There is no question that Chardonnay is a popular white wine. Cheese lovers will be happy to know that Chardonnay often pairs really well with cheese.
It's the combination of rich texture and high acidity that makes Chardonnay so cheese-friendly, with styles from fresh and fruity to oaky and buttery.
As a general rule, try pairing bigger, oakier bottles with bolder cheeses like blues and washed rinds. Lean and fruity Chardonnay is usually best with cheeses that have buttery, nutty, and/or fruity notes. To get started with your Chardonnay and cheese pairing, look for these five kinds of cheese at your local cheese shop.
Aged a few months, this semi-firm cheese is buttery, earthy, and nutty. Chardonnay brings out the creaminess in Garrotxa and coaxes out even more of its buttery and nutty flavor.
If you do love goat cheese, try pairing a lean, citrusy Chardonnay with fresh, creamy goat cheese.
Want an even creamier cheese? Triple-creams like Mt. Tam, Saint Andre, and Pierre Robert can also pair well with Chardonnay.
Shropshire blue is easy to spot in a cheese shop. Simply look for the bright orange cheese with vibrant blue veins running through it.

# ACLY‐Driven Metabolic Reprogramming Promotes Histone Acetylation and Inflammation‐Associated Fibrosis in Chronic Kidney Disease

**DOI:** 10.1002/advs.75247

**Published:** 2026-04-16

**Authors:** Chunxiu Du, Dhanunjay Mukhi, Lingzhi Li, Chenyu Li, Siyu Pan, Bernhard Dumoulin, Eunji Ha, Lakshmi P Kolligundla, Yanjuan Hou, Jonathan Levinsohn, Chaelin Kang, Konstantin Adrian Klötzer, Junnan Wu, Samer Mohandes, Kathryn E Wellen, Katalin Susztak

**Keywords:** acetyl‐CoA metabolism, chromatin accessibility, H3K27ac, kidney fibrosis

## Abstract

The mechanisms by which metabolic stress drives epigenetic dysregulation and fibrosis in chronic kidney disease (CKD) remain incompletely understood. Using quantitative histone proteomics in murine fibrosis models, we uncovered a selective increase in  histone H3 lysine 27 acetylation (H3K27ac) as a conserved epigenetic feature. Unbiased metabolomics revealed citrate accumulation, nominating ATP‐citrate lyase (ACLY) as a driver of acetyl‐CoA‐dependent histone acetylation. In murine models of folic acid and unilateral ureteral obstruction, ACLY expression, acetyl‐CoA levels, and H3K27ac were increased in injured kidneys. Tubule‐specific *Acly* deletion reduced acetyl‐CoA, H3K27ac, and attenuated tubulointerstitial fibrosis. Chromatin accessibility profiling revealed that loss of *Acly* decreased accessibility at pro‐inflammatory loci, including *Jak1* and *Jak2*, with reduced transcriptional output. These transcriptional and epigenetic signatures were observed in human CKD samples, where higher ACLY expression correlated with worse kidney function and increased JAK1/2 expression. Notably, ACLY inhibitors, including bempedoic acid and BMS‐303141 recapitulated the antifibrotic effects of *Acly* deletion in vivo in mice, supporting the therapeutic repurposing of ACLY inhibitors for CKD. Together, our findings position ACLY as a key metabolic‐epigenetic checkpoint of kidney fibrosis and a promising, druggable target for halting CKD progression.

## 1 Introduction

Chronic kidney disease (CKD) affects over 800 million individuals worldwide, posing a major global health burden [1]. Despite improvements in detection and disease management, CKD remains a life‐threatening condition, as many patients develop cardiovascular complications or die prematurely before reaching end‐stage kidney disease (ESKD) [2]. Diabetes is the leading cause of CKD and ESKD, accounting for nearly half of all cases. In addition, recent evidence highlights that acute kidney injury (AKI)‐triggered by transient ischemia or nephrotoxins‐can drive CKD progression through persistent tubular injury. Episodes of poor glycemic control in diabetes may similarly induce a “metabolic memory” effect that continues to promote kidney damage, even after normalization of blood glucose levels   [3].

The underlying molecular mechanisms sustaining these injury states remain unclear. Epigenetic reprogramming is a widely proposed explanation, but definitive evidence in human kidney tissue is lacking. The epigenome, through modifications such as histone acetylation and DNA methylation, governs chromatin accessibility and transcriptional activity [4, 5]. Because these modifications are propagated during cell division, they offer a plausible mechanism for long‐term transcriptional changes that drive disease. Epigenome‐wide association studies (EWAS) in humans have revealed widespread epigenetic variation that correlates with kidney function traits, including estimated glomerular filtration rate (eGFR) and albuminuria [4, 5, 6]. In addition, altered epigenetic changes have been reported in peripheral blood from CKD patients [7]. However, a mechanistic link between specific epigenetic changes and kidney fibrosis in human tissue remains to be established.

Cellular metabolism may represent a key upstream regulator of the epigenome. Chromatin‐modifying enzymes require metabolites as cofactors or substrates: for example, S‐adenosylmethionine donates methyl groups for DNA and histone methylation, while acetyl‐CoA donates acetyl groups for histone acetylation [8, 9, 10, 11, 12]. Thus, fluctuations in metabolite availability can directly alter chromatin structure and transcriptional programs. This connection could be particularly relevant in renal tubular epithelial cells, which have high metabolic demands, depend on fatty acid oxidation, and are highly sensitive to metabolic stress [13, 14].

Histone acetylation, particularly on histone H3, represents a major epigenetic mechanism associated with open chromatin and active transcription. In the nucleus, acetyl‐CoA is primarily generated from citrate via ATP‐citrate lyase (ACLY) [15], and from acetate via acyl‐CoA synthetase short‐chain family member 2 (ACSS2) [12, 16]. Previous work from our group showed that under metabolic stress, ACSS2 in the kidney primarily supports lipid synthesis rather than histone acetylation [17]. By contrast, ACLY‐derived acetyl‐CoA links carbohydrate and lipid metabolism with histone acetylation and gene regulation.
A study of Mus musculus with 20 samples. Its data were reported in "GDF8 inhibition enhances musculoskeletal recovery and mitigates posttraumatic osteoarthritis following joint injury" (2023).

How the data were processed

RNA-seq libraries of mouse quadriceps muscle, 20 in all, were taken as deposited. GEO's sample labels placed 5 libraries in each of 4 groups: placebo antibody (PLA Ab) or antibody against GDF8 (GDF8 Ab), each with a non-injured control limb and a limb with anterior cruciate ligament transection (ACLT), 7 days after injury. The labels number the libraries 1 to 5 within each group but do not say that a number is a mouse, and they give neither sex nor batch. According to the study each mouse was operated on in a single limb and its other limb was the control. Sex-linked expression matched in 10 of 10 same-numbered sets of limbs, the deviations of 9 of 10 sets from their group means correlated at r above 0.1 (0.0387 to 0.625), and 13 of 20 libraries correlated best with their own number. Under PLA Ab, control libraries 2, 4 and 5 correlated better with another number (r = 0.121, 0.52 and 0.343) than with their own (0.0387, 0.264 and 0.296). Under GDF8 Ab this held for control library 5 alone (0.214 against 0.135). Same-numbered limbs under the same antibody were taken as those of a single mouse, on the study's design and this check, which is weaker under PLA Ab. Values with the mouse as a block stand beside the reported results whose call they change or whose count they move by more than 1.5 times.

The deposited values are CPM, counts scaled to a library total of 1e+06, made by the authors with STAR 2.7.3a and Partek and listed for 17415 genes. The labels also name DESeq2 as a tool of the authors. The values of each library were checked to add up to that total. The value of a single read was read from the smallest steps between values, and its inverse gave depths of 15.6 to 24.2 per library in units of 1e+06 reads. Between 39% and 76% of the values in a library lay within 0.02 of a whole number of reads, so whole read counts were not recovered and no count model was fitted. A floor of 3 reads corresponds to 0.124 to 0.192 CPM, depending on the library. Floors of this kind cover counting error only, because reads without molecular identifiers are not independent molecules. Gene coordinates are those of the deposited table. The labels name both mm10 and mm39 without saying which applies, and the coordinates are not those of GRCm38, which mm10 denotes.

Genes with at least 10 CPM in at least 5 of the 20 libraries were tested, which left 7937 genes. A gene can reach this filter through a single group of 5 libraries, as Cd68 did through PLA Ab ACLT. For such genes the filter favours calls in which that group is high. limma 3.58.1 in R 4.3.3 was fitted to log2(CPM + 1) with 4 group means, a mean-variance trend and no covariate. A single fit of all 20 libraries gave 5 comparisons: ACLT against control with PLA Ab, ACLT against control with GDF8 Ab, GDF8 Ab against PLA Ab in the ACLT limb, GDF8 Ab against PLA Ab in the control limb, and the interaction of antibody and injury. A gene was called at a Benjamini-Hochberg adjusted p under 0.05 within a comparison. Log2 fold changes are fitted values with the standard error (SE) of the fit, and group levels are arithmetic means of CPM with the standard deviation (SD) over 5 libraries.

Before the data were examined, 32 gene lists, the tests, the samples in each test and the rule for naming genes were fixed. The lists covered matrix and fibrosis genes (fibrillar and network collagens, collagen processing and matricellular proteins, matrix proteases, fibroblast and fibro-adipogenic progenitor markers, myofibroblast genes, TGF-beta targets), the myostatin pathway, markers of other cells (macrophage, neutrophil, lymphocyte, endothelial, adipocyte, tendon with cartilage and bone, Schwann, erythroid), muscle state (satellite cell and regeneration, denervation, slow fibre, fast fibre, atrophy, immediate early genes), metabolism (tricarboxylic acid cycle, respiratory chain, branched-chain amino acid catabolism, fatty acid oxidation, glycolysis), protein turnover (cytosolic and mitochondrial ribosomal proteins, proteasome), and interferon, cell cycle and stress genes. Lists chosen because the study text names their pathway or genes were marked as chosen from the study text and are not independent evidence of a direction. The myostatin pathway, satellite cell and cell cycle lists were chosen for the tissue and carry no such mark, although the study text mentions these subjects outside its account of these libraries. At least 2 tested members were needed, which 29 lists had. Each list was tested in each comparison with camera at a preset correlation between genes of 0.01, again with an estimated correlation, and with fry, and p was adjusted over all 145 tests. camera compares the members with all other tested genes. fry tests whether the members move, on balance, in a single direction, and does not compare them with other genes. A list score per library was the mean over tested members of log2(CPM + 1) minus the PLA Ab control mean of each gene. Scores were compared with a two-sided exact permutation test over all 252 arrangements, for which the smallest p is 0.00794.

English Stilton and Harbourne Blue or Vermont-made Bayley Hazen Blue also pair well with Chardonnay.
When shopping, be sure the label says Fontina D'Aosta, not just "Fontina." The latter is typically pasteurized, bland, and rubbery, and it may leave you disappointed.Continue to 5 of 5 below.
Here's a stinker that's not as over-the-top as some washed rind cheese have the potential to be. Tête de Moine is a raw cow's milk cheese from Switzerland with a semi-hard texture that should be sliced thinly so it melts in your mouth.
Tête de Moine is big and bold, but it also has a sweet, fruity side that goes down easy with a sip of Chardonnay. Try it with both light and fruity as well as big and buttery Chards.
Have a bottle of big, bold Chardonnay but you aren't fond of stinky washed rind cheese? Then break out a wedge of sharp cheddar. English cheddar can pair especially well with an oaky Chardonnay.